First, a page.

BJGMC Clinical Site Holds World TB Day Event for TB-infected Women
On March 24, the BJ Government Medical College–Johns Hopkins University clinical site marked TB Day 2017 with an empowerment workshop conducted for female participants enrolled in tuberculosis (TB) research studies at the clinical research site. Thirty-two women attended the full-day workshop, including women who recently completed TB treatment, and household contacts of active TB patients.
- Provide practical guidelines for preventing the spread of TB among pediatric household contacts,
- Help participants recognize the psychological stresses associated with TB,
- Provide strategies for resolving day-to-day issues and living positively,
Understand the importance of nutrition in affecting health outcomes.
The day’s events opened with a welcome from by Savita Kanade, Community Coordinator for the research site, and Dr. Sona Deshmukh, Study Coordinator for TB and diabetes research provided an overview of the day’s events. Dr. Mandar Paradkar, Pediatrician in charge of TB studies, discussed strategies to prevent transmission of TB to children, including wearing masks and the benefits of INH prophylaxis for infants, and he answered many participant questions about keeping children safe from the disease.
Mrs. Anagha Adoni, a psychologist who has been a household contact of a TB patient, addressed the mental health aspects of TB and the toll that can take on people living with the disease. She reminded the group that if they experience symptoms of anxiety or depression, their study counselors can help.
Mrs. Archana Rairikar, a dietician and nutritionist, emphasized the role of good nutrition in maintaining stamina and immunity overall. She recommended using nut based oils such as peanut and coconut oil, and the importance of food that are high in iron. Mrs. Rairikar shared recipes for healthy shakes that include affordable ingredients and that are easy to make.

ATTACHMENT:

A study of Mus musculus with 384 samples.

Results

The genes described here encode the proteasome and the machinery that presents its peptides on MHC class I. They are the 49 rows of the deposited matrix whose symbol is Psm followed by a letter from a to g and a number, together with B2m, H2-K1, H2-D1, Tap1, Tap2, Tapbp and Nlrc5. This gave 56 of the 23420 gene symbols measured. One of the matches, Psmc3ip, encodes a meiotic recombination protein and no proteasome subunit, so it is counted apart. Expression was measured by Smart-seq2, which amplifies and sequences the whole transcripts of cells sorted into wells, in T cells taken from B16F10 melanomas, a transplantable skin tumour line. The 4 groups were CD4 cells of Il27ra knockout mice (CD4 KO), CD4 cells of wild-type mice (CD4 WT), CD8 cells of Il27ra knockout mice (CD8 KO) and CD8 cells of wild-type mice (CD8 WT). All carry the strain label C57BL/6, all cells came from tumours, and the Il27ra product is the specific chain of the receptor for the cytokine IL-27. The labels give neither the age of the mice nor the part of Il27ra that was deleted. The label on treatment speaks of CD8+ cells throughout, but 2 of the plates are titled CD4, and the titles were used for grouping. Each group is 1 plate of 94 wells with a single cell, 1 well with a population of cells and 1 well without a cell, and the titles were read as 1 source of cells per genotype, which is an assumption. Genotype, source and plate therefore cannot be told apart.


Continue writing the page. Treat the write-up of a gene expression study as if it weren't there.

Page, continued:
Ms. Tejaswi Sevekari, a sociologist who runs an NGO and is a member of the CRS Community Advisory Board, conducted a session on self- awareness. She used a short film to introduce guided visualization techniques that can help people living with TB focus on positivity.
Study counsellors who know participants personally summed up the sessions, and Dr. Vidya Mave, CRS Leader and Director, and Dr. Nishi Suryavanshi, CRS Coordinator, provided closing remarks.
Feedback from the day was positive, with participants expressing that it offered them a rare opportunity to focus on themselves and be positive about their futures.
The day’s events marked the third such women’s empowerment workshop. More than 50 women attended events held previously to address similar issues associated with HIV infection.